Swiss exporters and hoteliers awoke on Wednesday morning nervously awaiting the knock-on effects of Greece’s €1.6 billion (CHF1.66 billion) loan repayment default to the International Monetary Fund (IMF).
Having lost ground on Tuesday in anticipation of the default, the world’s financial markets regained some losses on the morning after the storm, with the SMI mirroring the Asian markets by opening slightly higher. It closed the day up almost 1.5%. The Swiss franc-euro exchange rate stayed unchanged at around CHF1.04.
The markets were buoyed by news that European Union ministers would discuss a new bail-out request from Greece that would grant the beleaguered country €29.1 billion in emergency aid. They ended up saying they would review the request depending on how Greeks vote on Sunday in the referendum Greek Prime Minister Alexis Tsipras has called on credit terms.
Also on Wednesday, eurozone central bankers will meet to decide on the European Central Bank’s (ECB) response to the Greek default.
Despite Greece defaulting on its IMF payment, the issue of a Grexit - Greece leaving the euro – is still very much up in the air. Greece has called a referendum on July 5 to ask the public whether they agree with new austerity measures that have been proposed by its government.
Another looming deadline is a Greek debt repayment to the ECB on July 20.
In the meantime, the Swiss National Bank (SNB) will be closely monitoring the foreign exchange markets for signs of the franc strengthening against the euro.
SNB chairman Thomas Jordan admitted on Tuesday that the central bank had recently intervened in the forex markets to keep the franc from appreciating too strongly against the euro. It abandoned a CHF1.20 cap against the euro in January, leaving the franc hovering at around CHF1.05 ever since.
“The Greek situation is weighing on financial markets. The uncertainty linked to Greece means the Swiss franc remains a safe-haven currency,” Jordan told a meeting of Swiss watchmakers last week. “If Greece were to leave the euro, one would need to expect market turbulence. It’s very difficult to predict. The SNB is watching very closely.”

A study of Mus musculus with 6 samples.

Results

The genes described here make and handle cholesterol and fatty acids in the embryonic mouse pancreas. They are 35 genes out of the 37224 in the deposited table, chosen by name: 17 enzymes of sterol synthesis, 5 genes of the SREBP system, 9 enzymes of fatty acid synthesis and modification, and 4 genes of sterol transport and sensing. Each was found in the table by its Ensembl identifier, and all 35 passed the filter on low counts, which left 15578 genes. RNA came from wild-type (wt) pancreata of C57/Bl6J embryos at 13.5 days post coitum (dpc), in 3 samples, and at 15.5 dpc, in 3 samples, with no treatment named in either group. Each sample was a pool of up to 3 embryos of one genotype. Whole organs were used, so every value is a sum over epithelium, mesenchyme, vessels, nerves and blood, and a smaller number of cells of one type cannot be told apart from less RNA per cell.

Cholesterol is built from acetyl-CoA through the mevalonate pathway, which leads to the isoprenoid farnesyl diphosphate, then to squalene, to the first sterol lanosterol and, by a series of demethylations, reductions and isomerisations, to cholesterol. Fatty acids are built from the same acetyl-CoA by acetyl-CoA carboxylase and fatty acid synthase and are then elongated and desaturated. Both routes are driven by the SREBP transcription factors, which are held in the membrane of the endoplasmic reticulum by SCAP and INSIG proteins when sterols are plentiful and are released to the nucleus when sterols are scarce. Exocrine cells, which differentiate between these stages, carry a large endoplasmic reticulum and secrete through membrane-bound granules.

Jordan did not give any details of the recent SNB forex intervention, the first since January, but the continued Greek volatility could prove a tough examination for the newest SNB board member, Andrea Maechler, who started work on Wednesday in charge of SNB intervention strategy.
After its June 18 monetary policy meeting, the SNB chose to keep interest rates at ultra-low levels but decided against imposing any extra measures in anticipation of a Grexit.
The CHF1.05 euro exchange rate has piled pressure on Swiss exporters and the tourism industry, making Swiss goods more expensive in its main eurozone market and stays in Switzerland more expensive for foreign tourists.
Swiss economic growth contracted slightly in the first quarter of the year, surprising many economists who thought it would take longer for Switzerland to feel the effects of the euro depreciation against the franc. A second successive quarter of negative growth would signal a technical recession.
The Swiss cabinet released a communiqué on Wednesday stating that there is “no serious crisis threatening the economy” in Switzerland despite the volatility surrounding Greece and the prospects of weak economic growth for the next few quarters.
The cabinet said it fully supported the SNB’s policies, but acknowledged that there could be hard times ahead for some industries.
“In sectors that are particularly exposed to the strong Swiss franc [identified by economists as mainly tourism, machinery and precision tools], there is the threat of a substantial loss of jobs,” the statement read.
The cabinet believes that a set of corporate tax reforms, due to be debated in parliament in the autumn, could help to alleviate problems facing some companies.